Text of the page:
The Bester v. Essex Crane Problem: What is it?

Posted by: Josh Quinter (jquinter@kaplaw.com)

One of the most misunderstood concepts in construction contracts is the interplay between indemnification clauses and the immunity provided for employers under the Pennsylvania Workers' Compensation Act. Because it is almost always the case – emphasis on almost – contractors and subcontractors assume they are immune from further liability as soon as payments are made to an injured employee under the workers' compensation policy. The statute and Pennsylvania case law, however, say otherwise.

fall hazard sign.pngMost lawyers familiar with this area of the law refer to this issue as the Bester v. Essex Crane problem. This arises from the seminal case on when workers' compensation immunity is waived by way of contract. At the risk of oversimplification in favor of brevity, the Workers' Compensation Act in Pennsylvania provides that an employer may waive the immunity provided under the statute in a contract. The Courts have clarified the requirements to meet this waiver and settled on the premise that the language in the contract must set forth accurately and very clearly that the party waiving its immunity is doing so. Stated differently, the Court wants to be sure that the employer is knowingly waiving the immunity before it enforces such a clause.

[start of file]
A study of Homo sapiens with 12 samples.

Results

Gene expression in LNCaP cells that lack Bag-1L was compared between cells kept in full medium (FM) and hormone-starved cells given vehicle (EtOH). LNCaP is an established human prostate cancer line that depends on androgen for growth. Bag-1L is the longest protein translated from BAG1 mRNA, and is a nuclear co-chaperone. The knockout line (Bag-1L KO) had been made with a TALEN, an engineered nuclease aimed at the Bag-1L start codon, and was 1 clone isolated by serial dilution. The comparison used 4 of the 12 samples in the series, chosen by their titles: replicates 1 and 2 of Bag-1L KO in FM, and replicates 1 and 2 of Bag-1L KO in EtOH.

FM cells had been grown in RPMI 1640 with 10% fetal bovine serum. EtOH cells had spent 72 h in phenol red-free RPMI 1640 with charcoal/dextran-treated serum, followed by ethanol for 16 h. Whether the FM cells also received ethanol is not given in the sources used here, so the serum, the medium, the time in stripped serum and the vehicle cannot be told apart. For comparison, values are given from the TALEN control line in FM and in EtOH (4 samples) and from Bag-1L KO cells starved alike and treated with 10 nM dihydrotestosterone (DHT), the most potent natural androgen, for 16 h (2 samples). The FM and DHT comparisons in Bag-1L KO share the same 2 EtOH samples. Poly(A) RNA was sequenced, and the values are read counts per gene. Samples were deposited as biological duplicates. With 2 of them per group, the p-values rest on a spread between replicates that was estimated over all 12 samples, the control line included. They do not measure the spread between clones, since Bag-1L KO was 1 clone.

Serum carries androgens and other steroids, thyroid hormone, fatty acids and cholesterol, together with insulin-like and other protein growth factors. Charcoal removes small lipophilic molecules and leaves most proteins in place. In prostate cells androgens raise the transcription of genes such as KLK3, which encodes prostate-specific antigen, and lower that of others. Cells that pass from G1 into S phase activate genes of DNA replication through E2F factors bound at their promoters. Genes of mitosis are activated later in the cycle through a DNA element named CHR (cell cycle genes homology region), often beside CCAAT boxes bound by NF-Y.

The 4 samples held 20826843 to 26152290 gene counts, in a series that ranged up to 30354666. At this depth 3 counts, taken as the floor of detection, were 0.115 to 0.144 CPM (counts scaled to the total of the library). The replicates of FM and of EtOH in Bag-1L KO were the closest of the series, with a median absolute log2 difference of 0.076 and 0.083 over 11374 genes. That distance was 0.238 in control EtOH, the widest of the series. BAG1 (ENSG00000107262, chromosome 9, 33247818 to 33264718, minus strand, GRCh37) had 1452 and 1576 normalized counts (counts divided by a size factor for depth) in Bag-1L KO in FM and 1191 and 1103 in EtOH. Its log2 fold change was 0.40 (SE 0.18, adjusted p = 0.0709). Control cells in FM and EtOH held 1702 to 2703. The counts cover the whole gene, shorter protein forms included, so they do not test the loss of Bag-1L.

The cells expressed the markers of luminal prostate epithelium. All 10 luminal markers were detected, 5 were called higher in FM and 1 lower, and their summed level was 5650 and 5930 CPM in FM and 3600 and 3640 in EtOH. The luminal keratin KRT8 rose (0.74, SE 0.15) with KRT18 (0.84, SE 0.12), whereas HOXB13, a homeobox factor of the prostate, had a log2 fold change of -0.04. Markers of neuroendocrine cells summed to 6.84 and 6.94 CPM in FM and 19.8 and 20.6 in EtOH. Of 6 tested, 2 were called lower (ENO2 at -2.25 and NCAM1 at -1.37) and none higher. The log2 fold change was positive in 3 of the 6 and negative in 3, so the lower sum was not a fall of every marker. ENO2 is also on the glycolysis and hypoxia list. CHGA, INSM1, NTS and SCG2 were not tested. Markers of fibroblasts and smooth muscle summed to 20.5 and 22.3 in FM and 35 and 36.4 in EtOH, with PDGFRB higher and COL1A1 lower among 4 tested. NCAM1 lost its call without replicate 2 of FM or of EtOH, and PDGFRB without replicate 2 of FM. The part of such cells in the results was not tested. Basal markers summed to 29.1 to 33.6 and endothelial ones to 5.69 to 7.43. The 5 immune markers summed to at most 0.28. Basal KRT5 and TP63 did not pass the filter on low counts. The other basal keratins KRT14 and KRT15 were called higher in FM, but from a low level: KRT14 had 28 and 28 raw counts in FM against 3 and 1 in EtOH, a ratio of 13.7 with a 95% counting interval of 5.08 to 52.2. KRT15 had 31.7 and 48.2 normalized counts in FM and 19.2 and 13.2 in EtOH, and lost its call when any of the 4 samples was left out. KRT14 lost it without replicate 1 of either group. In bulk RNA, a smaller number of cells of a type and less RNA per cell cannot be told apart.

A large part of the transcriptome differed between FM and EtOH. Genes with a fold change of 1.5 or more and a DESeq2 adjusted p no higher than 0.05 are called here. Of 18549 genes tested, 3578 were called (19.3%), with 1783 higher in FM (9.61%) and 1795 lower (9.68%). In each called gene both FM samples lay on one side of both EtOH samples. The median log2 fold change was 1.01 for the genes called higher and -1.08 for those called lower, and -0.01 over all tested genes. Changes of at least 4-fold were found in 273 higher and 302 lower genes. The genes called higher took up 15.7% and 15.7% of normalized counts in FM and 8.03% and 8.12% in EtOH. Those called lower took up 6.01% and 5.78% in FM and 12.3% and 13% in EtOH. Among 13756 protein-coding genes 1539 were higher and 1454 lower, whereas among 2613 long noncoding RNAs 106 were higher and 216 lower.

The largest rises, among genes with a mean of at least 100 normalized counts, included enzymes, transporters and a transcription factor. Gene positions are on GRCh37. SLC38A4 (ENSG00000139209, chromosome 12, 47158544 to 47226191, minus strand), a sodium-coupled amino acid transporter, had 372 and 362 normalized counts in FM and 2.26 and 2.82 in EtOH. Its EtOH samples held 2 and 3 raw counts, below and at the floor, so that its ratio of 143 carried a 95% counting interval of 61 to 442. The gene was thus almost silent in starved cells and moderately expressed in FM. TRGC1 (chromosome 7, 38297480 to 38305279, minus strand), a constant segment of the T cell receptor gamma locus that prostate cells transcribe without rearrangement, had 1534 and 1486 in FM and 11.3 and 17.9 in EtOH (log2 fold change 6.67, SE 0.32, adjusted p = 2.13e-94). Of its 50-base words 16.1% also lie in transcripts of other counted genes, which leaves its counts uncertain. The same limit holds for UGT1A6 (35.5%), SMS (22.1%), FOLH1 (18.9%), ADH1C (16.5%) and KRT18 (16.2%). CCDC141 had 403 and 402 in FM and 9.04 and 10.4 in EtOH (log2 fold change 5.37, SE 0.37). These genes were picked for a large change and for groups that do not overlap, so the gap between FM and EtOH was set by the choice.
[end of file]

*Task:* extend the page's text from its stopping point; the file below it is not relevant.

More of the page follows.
In practical reality, the situation typically plays out in a contract-subcontractor context where an employee of the subcontractor is injured while working on a project. The subcontractor then pays workers' compensation benefits to its injured employee. The employee then sues the general contractor and the owner (not the immune employer) for failing to keep the job site safe. Relying on its contract, the general contractor then joins the employer/subcontractor to the lawsuit claiming the subcontractor owes it contractual indemnity and the Bester v. Essex Crane problem become central to the case. Because there is usually a separate but related clause requiring the subcontractor to name the contractor as an additional insured, there is a parallel fight regarding this issue (more on that in another post).

The best way to avoid extensive litigation over the legal issues of whether the immunity is waived or not is for construction companies at all levels to carefully review contracts in advance of signing them. It is better to determine who will be responsible for the risk before the job starts and be clear in the contract than it is to spend thousands of dollars fighting about who is legally responsible to pay before you even get to the underlying issues of causation and damages. Often times, slight changes in the language of a contract can make a large impact in this subject matter. Consider investing a little more up front to avoid long term problems and more cost later.